When disaster strikes, speed is critical. The time it takes to properly assess damage in the wake of a major event can be the difference between life and death. However, emergency responders must often navigate disruptions to local communication and transportation infrastructure, making accurate assessments dangerous, difficult, and slow. While satellite and aerial imagery offer a less risky alternative that covers more ground, analysts must still conduct manual, time-intensive assessments of images.
The Defense Innovation Unit's (DIU's) xView2 Challenge (Challenge) seeks to automate post-disaster damage assessment. DIU is challenging machine learning experts to develop computer vision algorithms that will speed up analysis of satellite and aerial imagery by localizing and categorizing various types of building damage caused by natural disasters. The xView2 Challenge is DIU's second prize competition focused on furthering innovation in computer vision for humanitarian assistance and disaster relief (HADR) efforts. This year's competition builds upon the xView1 Challenge, which sought out computer vision algorithms to locate and identify distinct objects on the ground useful to first responders."DIU's goal in hosting this Challenge is to enlist the global community of machine learning experts to tackle a critically hard problem: detecting key objects in overhead imagery in context and assessing damage in a disaster situation," said Mike Kaul, DIU AI Portfolio Director.
"We are always looking for ways to improve rapid damage assessment to ensure we and our partners deliver the right resources to the right places at the right time, and we are confident the DIU Challenge can contribute to that goal," said FEMA Regional Administrator Robert Fenton, a partner in the Challenge
DIU led a team of experts from academia and industry to create a new dataset, xBD, to enable both localization and damage assessment before and after disasters. The dataset will provide the foundation for the Challenge. While several open datasets for object detection from satellite imagery already exist (e.g. SpaceNet, xView 1), each represent only a single snapshot in time and lack information about the type and severity of damage following a disaster. xBD is currently the largest and most diverse annotated building damage dataset, allowing ML/AI practitioners to generate and test models to help automate building damage assessment. The open source electro-optical imagery (0.3 m resolution) xBD dataset will encompass 550,230 building annotations across 19,804 square kilometers of freely available imagery from 10+ countries.* Six disaster types are included: wildfire, landslides, volcanic eruptions, earthquakes/tsunamis, and wind and flooding damage.
There are three competition prize tracks for the xView2 Challenge:
Open source: Teams compete for leaderboard position and awards for top scores. By releasing their models publicly under a permissive open source license, teams also become eligible for an additional open source award.
Non-exclusive Government purpose rights: Teams grant government purpose rights to become eligible for awards or top scores on the leaderboard. Solutions can be used to help future disaster recovery efforts.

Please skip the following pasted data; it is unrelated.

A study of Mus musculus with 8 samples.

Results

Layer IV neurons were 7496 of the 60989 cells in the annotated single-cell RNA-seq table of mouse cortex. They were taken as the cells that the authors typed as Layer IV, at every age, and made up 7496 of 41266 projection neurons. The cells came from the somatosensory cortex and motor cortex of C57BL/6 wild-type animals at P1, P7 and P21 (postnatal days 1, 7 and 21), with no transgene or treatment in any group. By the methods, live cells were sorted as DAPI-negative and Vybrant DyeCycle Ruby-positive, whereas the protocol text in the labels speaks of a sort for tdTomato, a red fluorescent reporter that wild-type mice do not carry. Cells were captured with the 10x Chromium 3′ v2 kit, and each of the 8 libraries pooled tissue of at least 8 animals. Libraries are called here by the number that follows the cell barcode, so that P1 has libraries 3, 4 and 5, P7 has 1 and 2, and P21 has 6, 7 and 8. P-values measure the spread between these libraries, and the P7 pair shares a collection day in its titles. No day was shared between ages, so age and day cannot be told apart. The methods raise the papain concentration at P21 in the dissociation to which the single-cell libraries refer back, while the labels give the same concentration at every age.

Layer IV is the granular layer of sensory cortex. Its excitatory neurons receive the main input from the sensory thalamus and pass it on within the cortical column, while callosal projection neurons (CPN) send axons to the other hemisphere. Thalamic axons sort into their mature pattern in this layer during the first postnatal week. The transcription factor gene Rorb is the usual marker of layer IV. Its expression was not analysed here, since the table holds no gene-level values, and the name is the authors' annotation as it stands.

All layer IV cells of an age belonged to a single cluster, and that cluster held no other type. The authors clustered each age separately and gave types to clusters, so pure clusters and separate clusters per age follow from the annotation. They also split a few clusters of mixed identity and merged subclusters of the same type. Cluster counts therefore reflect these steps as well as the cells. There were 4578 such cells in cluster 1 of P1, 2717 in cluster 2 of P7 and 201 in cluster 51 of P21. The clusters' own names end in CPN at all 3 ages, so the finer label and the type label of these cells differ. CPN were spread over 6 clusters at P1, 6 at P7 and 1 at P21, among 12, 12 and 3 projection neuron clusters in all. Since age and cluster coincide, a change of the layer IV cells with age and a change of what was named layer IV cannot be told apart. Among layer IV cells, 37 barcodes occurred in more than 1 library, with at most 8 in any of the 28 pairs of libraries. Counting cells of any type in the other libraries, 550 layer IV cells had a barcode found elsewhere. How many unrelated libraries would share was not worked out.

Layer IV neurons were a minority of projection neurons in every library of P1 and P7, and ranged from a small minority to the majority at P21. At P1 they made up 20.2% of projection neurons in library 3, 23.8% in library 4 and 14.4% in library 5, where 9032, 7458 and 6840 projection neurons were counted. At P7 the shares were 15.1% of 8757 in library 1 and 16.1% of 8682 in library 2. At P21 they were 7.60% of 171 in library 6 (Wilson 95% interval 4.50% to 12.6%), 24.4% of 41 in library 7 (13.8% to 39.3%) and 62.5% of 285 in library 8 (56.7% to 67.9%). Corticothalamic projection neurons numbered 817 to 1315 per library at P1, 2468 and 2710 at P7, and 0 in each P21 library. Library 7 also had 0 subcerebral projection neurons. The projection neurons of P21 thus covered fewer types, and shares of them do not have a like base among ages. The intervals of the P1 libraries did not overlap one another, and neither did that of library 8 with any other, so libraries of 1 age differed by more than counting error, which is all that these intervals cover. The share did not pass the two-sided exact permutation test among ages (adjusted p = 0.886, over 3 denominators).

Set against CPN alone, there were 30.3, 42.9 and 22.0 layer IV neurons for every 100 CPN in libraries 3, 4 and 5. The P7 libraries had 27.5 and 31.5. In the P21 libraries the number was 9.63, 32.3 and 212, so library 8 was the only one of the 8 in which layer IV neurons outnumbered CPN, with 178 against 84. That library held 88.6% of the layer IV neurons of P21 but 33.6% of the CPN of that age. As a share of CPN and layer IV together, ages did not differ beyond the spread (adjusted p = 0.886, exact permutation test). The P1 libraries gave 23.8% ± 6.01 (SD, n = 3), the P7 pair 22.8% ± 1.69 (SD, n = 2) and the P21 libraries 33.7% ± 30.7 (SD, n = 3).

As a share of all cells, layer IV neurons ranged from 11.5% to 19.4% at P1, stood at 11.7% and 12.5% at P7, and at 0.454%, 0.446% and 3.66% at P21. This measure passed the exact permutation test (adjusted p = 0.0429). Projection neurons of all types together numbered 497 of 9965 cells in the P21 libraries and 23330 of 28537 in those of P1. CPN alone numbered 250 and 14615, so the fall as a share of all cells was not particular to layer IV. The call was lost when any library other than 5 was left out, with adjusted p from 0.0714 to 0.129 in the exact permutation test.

Evaluation Only: Teams retain IP and only grant rights to benchmark their solution and compete for leaderboard position. Top teams in this category will still be eligible for a special monetary prize pool for their submissions.
The best solutions for all three categories will be eligible for a share of a $150,000 prize purse. Top solvers will also be invited to present their work at the December NeurIPS 2019 Workshop on AI for HADR. Winners of any cash prize will be considered eligible to be awarded follow-on work with the Department of Defense. The competition will start in August 2019 and run through December 31, 2019.
Findings will be applied in both operational and academic use cases that include, but are not limited to: obstructed roads, rerouting across obstructed roads, force of nature identification, resource allocation decision-making, object recognition, and object identification . Baseline models, developed collaboratively between DIU and Carnegie Mellon's Software Engineering Institute, will be publicly available as a starting point for the Challenge. In addition to advancing the state of the art in damage assessment, it is envisioned that the xBD dataset will provide researchers, companies, and other groups with the means and motive to develop algorithms that bring humanitarian assistance and disaster response into the age of AI.
The Challenge's partners represent a first-of-its-kind coalition between the artificial intelligence and disaster response communities including NASA Earth Science Disasters Program, Federal Emergency Management Agency's Region 9, California Governor's Office of Emergency Services (CAL OES), California Department of Forestry and Fire Protection (CAL FIRE), California Guard, DoD's Joint Artificial Intelligence Center, Carnegie Mellon's Software Engineering Institute, the United States Geological Service, National Geospatial-Intelligence Agency, and the National Security Innovation Network (NSIN).
Additional details about the dataset can be found at (CVPR 2019 xBD Paper) which was first discussed at the IEEE CVPR in June. Terms and rules of the Challenge can be found on the xView2 website, xview2.org/terms.
Visit xview2.org to register.
*More data is being added to xBD as the labeling becomes available.